Prominent media coverage of recent protests by workers targeting Twin Cities fast food outlets, Walmart and Minneapolis-St. Paul International Airport gave the impression of unions on the rise in Minnesota.

Despite a “Week of Action” pickets last month, federal government labor statistics reveal a decade of decline for union membership in Minnesota and nationwide.

“The representation from the union isn’t good,” said Sharon Kohser, a nurse at Fairview Clinics in Burnsville, Minn., who helped lead a recent effort to sever ties with Service Employee International Union Local 113.

“I’ve been part of that union for 20 years,” Kohser said. “I’ve been a steward. It’s not worth spending the money on it when they don’t help you get what you need and when they don’t listen to you and don’t support you.”

Minnesota went from 414,000 union members in 2003 to 362,000 in 2013, a decline from 17 percent to 14.3 percent of the state’s workforce. Nationally, 11.2 percent of workers belonged to a union in 2013, according to the most recent figures.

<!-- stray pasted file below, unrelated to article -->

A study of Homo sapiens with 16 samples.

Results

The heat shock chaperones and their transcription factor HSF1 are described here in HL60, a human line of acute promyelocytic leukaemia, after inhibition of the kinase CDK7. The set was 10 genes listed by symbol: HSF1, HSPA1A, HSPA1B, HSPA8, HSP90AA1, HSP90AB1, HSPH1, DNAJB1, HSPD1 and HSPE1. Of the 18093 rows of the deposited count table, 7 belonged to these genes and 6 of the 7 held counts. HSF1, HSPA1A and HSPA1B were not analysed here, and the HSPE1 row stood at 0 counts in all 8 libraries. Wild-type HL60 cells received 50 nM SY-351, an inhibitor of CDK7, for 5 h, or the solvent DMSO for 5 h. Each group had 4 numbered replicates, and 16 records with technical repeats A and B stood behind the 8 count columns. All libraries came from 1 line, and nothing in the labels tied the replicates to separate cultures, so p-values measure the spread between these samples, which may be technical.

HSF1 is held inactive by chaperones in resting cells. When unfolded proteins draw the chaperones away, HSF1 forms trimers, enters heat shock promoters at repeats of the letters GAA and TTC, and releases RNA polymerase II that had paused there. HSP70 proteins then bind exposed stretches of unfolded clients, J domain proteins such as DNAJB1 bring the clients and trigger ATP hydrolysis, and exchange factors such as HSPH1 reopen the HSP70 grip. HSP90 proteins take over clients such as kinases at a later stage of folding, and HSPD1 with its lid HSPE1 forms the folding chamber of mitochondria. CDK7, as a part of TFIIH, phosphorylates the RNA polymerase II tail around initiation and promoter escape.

Some 185,000 Minnesotans or 8.4 percent of the private-sector workforce, belong to unions. Nearly as many, 177,000 Minnesotans or 53.1 percent, of public-sector employees affiliate with unions.

“Overall, I think their position is much, much weaker than it used to be and employees are not adverse to crossing picket lines in the way they used to be,” said Doug Seaton, a Twin Cities attorney who represents employers in labor disputes.

There are many more people operating non-union, even in industries like construction, where they have been traditionally strong. And in manufacturing, it’s almost every instance when a firm changes hands, there’s at least a serious issue about whether the union will survive those transactions.

Union representatives didn’t respond to inquiries for this story. But the American Federation of State, County and Municipal Employees Council 5 website ticks off a list of accomplishments over the past decade, from winning contract battles to fighting government shutdowns to expanding collective bargaining rights.

“We’ve chosen to grow in the face of a raging anti-union storm,” states AFSCME executive director Elliot Seide with other union leaders on the website. “We’ve focused on goals that benefit all working people, whether they are union members or not.”